Sandusky, 68, could face up to life in prison after he was convicted in June on 45 counts of child sex abuse. His lawyers can appeal the upcoming decision for up to 10 days after sentencing.
Attorney Joe Amendola said Monday that his client, who is being held in the Centre County, Pennsylvania, jail, has been working on a statement that he plans to read in court.
Co-counsel Karl Rominger said the statement will be a reassertion of innocence.
He said he had advised the former coach against speaking freely. “Contrition without admission is always my advice,” he said.
On June 22, jurors determined that the former defensive coordinator had used his access to university facilities and his foundation for under-privileged youth to sexually abuse 10 boys over a 15-year period.
At least of three of Sandusky’s victims are expected to be in attendance Tuesday, according to their attorneys. Two of them have plans to address the former coach directly, while the third is expected to have a statement read by prosecutors.
The statement from the person who has been identified in court as Victim No.4 “will convey anger,” said attorney Benjamin Andreozzi. “He is nowhere near forgiving Sandusky.”
But attorney Thomas Kline, who represents Victim No. 5 in a civil suit, said his client “believes this will be a final chapter in the Sandusky matter.”
During the trial, which garnered national attention and cast a shadow on Penn State’s heralded football program, the 23-year-old victim testified that he was only 13 when Sandusky abused him in a university shower.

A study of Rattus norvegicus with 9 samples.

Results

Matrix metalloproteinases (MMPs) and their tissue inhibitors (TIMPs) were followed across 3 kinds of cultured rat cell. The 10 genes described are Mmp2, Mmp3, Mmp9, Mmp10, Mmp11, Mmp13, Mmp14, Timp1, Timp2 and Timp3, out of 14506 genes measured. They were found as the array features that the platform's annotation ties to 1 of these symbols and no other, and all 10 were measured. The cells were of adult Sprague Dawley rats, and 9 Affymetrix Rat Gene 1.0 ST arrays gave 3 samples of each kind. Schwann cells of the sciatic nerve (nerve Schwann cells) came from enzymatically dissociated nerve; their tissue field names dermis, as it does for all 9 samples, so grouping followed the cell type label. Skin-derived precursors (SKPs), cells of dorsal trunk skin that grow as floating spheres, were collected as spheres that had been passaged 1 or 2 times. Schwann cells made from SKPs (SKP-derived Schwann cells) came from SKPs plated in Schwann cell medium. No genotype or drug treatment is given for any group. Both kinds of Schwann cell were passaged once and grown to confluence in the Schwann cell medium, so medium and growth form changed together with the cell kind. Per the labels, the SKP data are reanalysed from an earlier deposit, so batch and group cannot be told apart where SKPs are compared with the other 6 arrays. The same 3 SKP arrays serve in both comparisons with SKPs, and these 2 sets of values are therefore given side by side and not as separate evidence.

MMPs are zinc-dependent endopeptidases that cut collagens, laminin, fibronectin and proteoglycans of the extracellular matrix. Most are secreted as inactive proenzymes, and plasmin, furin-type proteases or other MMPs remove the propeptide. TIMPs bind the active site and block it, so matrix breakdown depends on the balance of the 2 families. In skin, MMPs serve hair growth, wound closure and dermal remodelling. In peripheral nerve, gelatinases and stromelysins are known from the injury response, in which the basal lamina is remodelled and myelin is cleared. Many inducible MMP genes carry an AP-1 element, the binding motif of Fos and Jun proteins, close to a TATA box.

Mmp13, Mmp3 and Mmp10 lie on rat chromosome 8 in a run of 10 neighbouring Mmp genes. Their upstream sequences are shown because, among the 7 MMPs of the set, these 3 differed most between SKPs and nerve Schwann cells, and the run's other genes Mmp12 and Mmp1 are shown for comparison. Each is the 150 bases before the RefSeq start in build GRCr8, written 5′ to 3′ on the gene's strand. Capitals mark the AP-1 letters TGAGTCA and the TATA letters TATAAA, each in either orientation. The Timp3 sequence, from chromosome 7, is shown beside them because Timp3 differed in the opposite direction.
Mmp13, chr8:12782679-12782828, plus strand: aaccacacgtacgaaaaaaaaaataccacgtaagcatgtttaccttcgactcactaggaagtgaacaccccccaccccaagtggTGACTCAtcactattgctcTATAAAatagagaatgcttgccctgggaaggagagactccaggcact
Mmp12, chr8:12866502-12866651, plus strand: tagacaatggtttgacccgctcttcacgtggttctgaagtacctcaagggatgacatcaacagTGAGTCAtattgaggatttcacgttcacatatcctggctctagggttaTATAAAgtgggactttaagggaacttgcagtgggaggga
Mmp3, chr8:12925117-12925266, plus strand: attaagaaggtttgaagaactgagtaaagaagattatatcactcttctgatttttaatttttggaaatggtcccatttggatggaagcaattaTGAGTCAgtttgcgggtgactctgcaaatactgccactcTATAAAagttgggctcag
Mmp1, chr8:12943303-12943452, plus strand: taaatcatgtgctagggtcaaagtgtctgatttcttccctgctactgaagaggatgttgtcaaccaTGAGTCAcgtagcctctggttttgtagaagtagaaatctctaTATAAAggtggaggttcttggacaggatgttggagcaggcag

That account is separate from a 2001 incident about which graduate assistant Mike McQueary testified, saying he saw Sandusky pressed up against the back of a boy in the shower room of the Lasch Football Building.
Sandusky’s attorneys say they plan to appeal the court’s earlier verdict, and plan to argue that the jury’ opinions had been tainted by a prosecution reference to an interview Sandusky did with NBC’s Bob Costas prior to the trial.
Members of the defense team has also maintained that they were denied sufficient time to prepare for trial.
The scandal led to the firing of legendary head football coach Joe Paterno and the ouster of the university’s longtime president, Graham Spanier.
In July, former FBI Director Louis Freeh released 267-page report that blamed Paterno, Spanier, suspended Athletic Director Tim Curley and ex-Vice President Gary Schultz with taking part in a cover-up to avoid bad publicity.
Freeh also said Paterno could have stopped the attacks had he done more, though neither McQueary, Sandusky nor Paterno — who died in January — were interviewed by his investigators.
Attorneys for Spanier blasted the university-funded review, calling it a “blundering, indefensible indictment” and “a flat-out distortion of facts” that was “infused with bias and innuendo.”
In July, the NCAA imposed sanctions against Penn State, including a $60 million fine, scholarship reductions, the vacating of 112 wins, five years’ probation and a bowl ban for four years.